If this is your first rodeo and you’re new to the house buying game, you can be forgiven for thinking the only costs involved are the deposit and the mortgage. Unfortunately, there are some hidden costs of buying a house which will catch you off-guard if you don’t study up. Comparing loans available to First Home Buyers is an essential part of the process – but get your pen and paper ready because there is a lot more to add to your house buying checklist.
First there’s the cash for the building report, then the cost of obtaining a Land Information Memorandum (LIM) from the local council, followed by even more costs to get a registered valuation, and pay for the lawyers’ fees, which can all cost hundreds of dollars each.
What is a building report and do I really need one?
A building report is your saviour against buying a lemon and it’s a non-negotiable cost in the house selection process. The last thing you want to do is pour your hard-earned cash into a house with hidden defects. The Real Estate Agents Authority (REAA) recommends that buyers pay for a property inspector. A qualified inspector will be able to tell you about the condition of the property. While it is an extra cost to factor in when buying a property, it could save you a lot of money down the track if it prevents you from buying a leaky home, for example. REAA recommends you find an inspector and/or engineer early in the process, so you can arrange an inspection when you find a property that you want to buy. The authority also advises that house buyers choose a property inspector who has professional indemnity insurance and carries out work according to the New Zealand Property Inspection Standards. These standards set out requirements for all pre-purchase property inspections.
You can look for property inspectors on buildingsurveyors.co.nz or boinz.org.nz. You may also want to pay for an engineer to decide how much you are willing to pay for a property. You can find an engineer on the website ipenz.nz.
What is a LIM and do I need to buy one?
And it’s not just a building inspector you’ll need to pay for a report from. Local councils present what is called a Land Information Memorandum (LIM) for your property – a record of information on the property. A LIM includes standard information such as rates details and building consents. It may contain details about risks such as erosion, contamination, or flooding. It can alert you to illegal works on the house, drainage and landslip risks, or the fact that it might leak. You can order a LIM through the local council or through a lawyer.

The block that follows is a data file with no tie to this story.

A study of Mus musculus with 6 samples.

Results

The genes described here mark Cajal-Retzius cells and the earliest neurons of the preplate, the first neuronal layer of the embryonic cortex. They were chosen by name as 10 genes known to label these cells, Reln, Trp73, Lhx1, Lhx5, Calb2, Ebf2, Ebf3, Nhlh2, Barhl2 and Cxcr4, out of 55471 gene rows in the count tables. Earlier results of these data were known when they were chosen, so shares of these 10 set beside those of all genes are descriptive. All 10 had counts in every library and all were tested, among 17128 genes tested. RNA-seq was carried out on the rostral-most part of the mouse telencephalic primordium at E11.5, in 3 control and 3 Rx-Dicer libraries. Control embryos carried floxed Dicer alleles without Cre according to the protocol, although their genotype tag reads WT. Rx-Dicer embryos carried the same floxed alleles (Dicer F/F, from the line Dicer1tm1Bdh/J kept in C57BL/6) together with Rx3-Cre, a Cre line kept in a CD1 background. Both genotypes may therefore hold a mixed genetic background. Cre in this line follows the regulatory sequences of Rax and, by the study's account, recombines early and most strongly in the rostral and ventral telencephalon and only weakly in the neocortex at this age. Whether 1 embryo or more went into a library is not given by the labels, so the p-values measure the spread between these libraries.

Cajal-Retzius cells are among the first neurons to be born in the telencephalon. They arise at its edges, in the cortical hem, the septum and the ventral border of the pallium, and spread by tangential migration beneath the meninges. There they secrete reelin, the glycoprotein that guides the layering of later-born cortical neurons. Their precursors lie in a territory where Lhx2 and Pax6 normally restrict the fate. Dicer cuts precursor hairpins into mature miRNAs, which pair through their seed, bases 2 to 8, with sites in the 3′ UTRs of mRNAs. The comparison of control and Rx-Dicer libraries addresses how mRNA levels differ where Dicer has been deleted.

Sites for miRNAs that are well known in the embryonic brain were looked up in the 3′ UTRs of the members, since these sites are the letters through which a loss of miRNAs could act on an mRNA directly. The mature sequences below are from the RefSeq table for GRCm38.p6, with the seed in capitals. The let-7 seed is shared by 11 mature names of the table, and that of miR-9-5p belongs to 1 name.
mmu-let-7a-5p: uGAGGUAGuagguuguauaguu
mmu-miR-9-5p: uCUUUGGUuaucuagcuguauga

Buyer beware: The real estate agent might provide a LIM report to ptential buyers. Keep in mind that the agent is working on behalf of the vendor, so it’s a good idea to obtain your own copy. Also, remember to check how up to date the LIM provided is, the Real Estate Agents Authority Advises. If the LIM is not current, you may not be able to rely on it in court proceedings if you (or your lawyer) did not obtain it yourself.
How could paying for a lawyer help in the house-buying process?
Paying for a lawyer can help you in the house-buying process because lawyers are skilled at finding fish hooks in the contract and the title to the property. However, sometimes mortgage lenders will pay the lawyers’ fees.
Before signing a sale or mortgage agreement, make sure a lawyer casts their eagle eye over it. Lawyers also handle the ‘conveyancing’ or transfer after you have bought a house. Lawyers’ fees do vary, so do your research.
Another hidden cost of buying a house is coughing up dough for a house valuation. Real estate agents are known for charming sellers into believing their house is worth more than it is. It’s sensible for house buyers to get independent valuations.
Other costs associated with buying a house:
- Lenders mortgage insurance (LMI): home buyers with deposits of less than 20% often have to pay LMI premiums, which are usually added to the loan.
- Appliances: unless they’re listed in the sale, buyers may need to buy new appliances such as washing machines and driers when they move in.
- Rates: as well as the mortgage, buyers need to budget for water and council rates.
- Utility connection fees: there will however be connection fees for all of the utilities.
- Moving expenses: it costs money to hire a van or use removal companies.
- Repairs and maintenance: as a rule of thumb, putting aside the equivalent of 10% of your mortgage payments should be enough to cover most eventualities.
- Home insurance: mortgage lenders make it compulsory for homeowners to take out house insurance. Lenders also encourage homebuyers to have mortgage protection insurance, which covers mortgage payments if you are made redundant or cannot work due to illness or accident.
Costs associated with buying a house – after you’ve signed
Once you have settled on a home and been given the all-clear from building reports and lawyers, you’ll need to prepare yourself for the costs of moving in to your property. It pays to do some budgeting for the move-in costs.
|Move-in Costs Include:|
|Moving services or truck hire|
|Connection fees for phone, power or internet|
|Any renovations or fixes we need to do straight away|
|Advertising for flatmates/tenants|
When it comes to buying a house, it’s important to go in eyes wide open about any related costs and to uncover any hidden costs of buying a home – before you’re in too deep.
However, as long as you’re prepared, there’s no reason why you can’t also get excited about the house process. After all, this is a step to owning a space of your very own, a space where no one can tell you to stop painting every wall red (except maybe a partner, of course). Canstar has plenty more guides for First Home Buyers to simplify the house buying process, so be sure to check them out to help you along the way.